Dr. Lyn has been senior associate dean for academic and strategic initiatives since 2018 and interim dean of the School of Public Health since 2019.
“The pandemic has vividly demonstrated the importance of public health to our society, including research, scholarship and education of the next generation of professionals,” said Wendy Hensel, provost and senior vice president for academic affairs. “Dr. Lyn has served our institution during this critical and challenging time as a key member of Georgia State. I am confident that under Dr. Lyn’s leadership, the school will emerge as a national leader and innovator.”
During his tenure as interim dean, Dr. Lyn served on Georgia State’s COVID-19 Coordinating Committee and as a chair in the Task Force for Racial Equality. He has led the successful recruitment of diverse faculty, reinvigorated alumni engagement to achieve historic fundraising goals and overseen the establishment of a new graduate degree concentration, a 4+1 dual degree, and a new graduate certificate program in the School of Public Health.
“I’m deeply honored to be asked to lead the strong and rising School of Public Health at Georgia State,” Dr. Lyn said. “I look forward to working closely with the faculty, staff, students, alumni and friends of the school to attain new heights in research and in education and training of the next generation of public health professionals.”
Dr. Lyn established the School of Public Health’s Diversity Council, a group charged with identifying actions the school can take to address and reduce systemic racism and police violence against Black people and other underrepresented groups and with articulating the school’s vision and goals regarding issues of diversity more broadly to further the school’s commitment to promoting social justice. The school enrolls the highest percentage of Black/African American public health bachelor’s and master’s students among the 60-plus Association of Schools and Programs of Public Health (ASPPH) member schools and programs.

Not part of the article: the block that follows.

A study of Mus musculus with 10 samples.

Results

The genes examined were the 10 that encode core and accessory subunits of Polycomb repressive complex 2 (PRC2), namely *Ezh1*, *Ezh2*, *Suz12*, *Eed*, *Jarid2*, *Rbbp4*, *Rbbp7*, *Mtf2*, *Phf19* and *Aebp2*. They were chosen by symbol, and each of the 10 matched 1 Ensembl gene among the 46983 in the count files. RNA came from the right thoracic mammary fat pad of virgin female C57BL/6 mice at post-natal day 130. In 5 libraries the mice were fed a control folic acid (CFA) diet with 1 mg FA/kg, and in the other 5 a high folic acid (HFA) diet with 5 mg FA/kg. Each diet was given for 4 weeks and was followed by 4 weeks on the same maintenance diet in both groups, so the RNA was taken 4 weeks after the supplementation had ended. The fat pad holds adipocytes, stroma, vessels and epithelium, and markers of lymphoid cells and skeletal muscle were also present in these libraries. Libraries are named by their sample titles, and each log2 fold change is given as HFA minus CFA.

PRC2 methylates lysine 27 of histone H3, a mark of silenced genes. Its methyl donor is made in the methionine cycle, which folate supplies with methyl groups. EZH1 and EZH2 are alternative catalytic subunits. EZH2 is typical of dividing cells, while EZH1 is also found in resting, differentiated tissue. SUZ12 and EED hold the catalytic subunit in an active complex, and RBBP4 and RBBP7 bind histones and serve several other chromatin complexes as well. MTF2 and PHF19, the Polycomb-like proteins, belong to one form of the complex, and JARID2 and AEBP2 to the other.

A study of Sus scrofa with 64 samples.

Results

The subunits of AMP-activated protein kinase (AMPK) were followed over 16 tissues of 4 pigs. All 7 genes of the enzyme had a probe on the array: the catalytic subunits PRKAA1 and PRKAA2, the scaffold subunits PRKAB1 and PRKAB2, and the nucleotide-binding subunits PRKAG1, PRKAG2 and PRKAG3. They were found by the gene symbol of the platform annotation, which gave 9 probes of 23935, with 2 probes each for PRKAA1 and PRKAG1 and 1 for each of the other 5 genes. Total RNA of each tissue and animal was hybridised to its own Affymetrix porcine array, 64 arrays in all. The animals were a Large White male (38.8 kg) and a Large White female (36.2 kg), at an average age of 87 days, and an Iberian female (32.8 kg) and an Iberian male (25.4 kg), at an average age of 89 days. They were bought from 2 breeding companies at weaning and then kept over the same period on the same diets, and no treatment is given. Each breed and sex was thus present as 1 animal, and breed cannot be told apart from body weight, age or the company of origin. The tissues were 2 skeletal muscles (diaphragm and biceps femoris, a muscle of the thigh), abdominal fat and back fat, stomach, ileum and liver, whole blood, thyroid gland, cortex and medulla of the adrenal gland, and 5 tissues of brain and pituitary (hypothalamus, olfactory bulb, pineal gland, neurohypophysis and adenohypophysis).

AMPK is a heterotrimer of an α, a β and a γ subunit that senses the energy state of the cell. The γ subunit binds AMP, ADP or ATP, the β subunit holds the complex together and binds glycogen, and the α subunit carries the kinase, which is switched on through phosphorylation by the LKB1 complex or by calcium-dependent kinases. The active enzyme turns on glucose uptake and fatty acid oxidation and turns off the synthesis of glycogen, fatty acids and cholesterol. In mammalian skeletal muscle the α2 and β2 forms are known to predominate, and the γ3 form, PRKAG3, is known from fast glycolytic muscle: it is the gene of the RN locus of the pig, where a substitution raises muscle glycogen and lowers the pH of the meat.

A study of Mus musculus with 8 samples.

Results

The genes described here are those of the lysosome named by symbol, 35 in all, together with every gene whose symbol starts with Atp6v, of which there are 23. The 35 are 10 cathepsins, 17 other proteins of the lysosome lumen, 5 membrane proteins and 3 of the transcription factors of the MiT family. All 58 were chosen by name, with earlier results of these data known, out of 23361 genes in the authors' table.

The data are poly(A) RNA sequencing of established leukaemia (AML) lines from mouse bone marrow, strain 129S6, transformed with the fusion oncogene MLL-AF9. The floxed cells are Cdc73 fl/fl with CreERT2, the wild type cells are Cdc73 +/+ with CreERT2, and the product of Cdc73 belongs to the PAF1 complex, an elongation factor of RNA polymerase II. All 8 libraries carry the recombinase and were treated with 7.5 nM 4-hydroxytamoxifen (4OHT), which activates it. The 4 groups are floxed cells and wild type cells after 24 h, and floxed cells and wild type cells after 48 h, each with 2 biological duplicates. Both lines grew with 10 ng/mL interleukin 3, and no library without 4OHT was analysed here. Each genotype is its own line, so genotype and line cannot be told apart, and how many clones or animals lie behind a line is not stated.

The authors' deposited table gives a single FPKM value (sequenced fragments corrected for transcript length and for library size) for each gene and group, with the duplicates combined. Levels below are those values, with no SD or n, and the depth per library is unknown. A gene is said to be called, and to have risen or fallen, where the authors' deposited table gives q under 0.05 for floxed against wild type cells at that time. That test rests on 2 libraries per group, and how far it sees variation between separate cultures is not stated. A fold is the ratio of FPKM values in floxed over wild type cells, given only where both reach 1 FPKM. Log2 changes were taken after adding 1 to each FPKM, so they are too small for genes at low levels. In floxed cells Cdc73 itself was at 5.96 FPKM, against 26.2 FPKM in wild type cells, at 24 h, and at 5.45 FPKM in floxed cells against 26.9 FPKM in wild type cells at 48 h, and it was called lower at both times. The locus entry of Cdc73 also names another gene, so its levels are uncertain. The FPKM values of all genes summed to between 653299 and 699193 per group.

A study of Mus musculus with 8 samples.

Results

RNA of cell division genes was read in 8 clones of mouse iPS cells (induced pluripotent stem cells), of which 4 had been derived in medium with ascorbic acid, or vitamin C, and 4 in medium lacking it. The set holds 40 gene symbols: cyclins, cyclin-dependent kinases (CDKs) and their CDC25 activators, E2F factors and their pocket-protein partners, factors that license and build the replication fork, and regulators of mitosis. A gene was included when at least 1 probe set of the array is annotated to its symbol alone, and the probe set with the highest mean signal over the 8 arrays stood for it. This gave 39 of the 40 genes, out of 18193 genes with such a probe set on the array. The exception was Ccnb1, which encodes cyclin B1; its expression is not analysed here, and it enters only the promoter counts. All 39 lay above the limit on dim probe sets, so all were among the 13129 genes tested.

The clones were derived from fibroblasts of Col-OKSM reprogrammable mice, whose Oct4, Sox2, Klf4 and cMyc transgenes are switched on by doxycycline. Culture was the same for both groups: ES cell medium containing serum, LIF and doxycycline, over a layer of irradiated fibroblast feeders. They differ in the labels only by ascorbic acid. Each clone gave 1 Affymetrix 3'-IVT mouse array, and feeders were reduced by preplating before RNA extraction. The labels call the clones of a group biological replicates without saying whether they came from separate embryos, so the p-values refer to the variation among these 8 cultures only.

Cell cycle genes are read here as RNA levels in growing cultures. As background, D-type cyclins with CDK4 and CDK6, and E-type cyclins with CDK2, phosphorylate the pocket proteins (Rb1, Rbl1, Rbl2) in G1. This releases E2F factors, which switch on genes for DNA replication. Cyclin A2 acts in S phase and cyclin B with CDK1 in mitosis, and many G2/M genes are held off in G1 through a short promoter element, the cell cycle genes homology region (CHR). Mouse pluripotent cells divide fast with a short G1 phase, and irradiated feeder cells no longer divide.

Dr. Lyn joined Georgia State in 2004 and has been on the public health faculty since 2007. A recognized expert on obesity prevention and community health, he has led or contributed to grants totaling more than $16 million from federal and state agencies, foundations and not-for-profit organizations.
He is co-principal investigator for the Prevention Research Center at Georgia State, which works with community leaders and organizations to identify community health needs and to intervene through research. The center is supported by funding from the Centers for Disease Control and Prevention (CDC). Other recent projects include the Racial and Ethnic Approaches to Community Health, a CDC-supported partnership with Morehouse School of Medicine to address food deserts; the Georgia Childhood Obesity Prevention Program, a multi-county initiative to support and accelerate local policy and environmental interventions for obesity prevention, with funding from Healthcare Georgia Foundation; Partnerships to Improve Community Health, a CDC-supported partnership with Fulton County Health Department focused on prevention of tobacco use and a study examining mortality disparities and resilience in low-income, minority communities in the South, funded by the Robert Wood Johnson Foundation. He previously served as deputy director for Georgia State’s National Institutes of Health-funded Center of Excellence on Health Disparities Research.
Dr. Lyn earned his doctor’s degree in educational policy studies, with an emphasis in public policy, from the College of Education & Human Development at Georgia State. He serves on the editorial board and as associate editor of the journal Public Health Reports—the official journal of the U.S. Surgeon General and the U.S. Public Health Service—and as an editorial board member for the American Journal for Health Promotion. Dr. Lyn is a member of the American Public Health Association and the International Society for Behavioral Nutrition and Physical Activity.
Dr. Lyn succeeds Dr. Michael Eriksen, founding dean of the school.